NorthStar Earth and Space, a startup building an in-situ space situational awareness (SSA) constellation out of its home base in Canada, announced yesterday that it clinched a CAD $20M ($14.7M) Series D round. Telesystem Space Inc., the Québec government, and the Luxembourg Future Fund participated.
“NorthStar’s unique space-based services will provide coverage of significant gaps that were previously inaccessible from ground-based systems,” NorthStar CEO Stewart Bain said in a release. “This represents a significant contribution to the sustainability of the space environment for future generations.”
The view from orbit: NorthStar is working on building out a constellation of 24 satellites called “Skylarks” to map small pieces of debris from orbit. The constellation is designed to be able to identify smaller pieces of debris than what is visible from ground-based observations from its vantage point in LEO all the way out to GEO.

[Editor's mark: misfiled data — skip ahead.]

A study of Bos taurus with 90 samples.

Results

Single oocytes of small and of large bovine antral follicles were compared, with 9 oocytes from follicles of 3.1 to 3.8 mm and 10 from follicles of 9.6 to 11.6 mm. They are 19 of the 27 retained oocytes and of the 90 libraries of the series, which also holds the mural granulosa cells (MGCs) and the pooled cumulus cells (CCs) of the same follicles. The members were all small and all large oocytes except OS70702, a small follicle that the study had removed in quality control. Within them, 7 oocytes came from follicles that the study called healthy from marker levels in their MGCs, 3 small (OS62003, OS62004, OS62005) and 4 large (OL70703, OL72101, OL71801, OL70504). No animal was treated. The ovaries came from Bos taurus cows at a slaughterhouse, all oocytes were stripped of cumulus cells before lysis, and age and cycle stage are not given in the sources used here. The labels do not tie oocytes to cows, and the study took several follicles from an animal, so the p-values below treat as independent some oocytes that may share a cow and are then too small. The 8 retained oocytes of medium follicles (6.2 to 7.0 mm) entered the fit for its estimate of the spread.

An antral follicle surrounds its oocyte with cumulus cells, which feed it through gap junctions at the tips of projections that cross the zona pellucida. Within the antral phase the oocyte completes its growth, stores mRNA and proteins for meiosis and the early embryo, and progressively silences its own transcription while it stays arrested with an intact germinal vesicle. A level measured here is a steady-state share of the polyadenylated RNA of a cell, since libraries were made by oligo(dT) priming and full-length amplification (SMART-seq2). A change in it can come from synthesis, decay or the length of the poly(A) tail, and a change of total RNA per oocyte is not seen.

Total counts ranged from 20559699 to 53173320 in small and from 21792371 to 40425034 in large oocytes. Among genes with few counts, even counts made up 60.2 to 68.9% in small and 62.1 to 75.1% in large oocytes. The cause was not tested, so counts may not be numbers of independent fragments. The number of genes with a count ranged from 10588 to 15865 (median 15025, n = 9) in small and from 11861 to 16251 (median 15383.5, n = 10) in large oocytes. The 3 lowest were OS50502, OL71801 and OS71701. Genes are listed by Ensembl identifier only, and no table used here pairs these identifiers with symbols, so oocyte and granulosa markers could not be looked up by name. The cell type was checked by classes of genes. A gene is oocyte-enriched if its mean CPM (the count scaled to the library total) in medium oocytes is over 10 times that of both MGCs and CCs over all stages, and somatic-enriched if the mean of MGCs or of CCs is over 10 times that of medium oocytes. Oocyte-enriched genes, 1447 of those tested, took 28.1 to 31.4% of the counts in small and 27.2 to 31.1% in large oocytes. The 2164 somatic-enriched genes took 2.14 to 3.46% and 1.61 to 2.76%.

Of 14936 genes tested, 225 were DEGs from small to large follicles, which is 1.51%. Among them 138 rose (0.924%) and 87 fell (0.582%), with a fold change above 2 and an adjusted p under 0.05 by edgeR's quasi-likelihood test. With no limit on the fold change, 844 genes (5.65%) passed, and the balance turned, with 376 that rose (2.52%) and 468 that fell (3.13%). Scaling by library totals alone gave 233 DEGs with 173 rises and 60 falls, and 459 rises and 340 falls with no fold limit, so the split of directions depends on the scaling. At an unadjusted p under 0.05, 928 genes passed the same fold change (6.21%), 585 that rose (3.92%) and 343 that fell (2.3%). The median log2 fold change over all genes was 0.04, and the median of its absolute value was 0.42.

The long road to launch: NorthStar has had bad luck to date getting the first batch of its Skylark satellites to orbit.
- The company had originally planned to launch the first three birds with Virgin Orbit sometime in mid-2023, but these were left stranded when the launcher went bankrupt.
- It then inked a partnership with Rocket Lab ($RKLB) to launch four Skylarks on Electron this fall, but Electron has been grounded since an anomaly in September.
- Things could be looking up, though—Electron is expected to return to flight no earlier than Dec. 13, and NorthStar’s satellites are manifested on a launch not long afterwards.
What’s next? With this new round of funding, NorthStar has the cash in hand to get through its first launch in early 2024 and to begin satellite operations. From there, it has its sights set on scaling its operations down on Earth. The company is planning to open a data processing center in Montréal to handle all the data beamed down from its constellation and deliver it neatly to customers.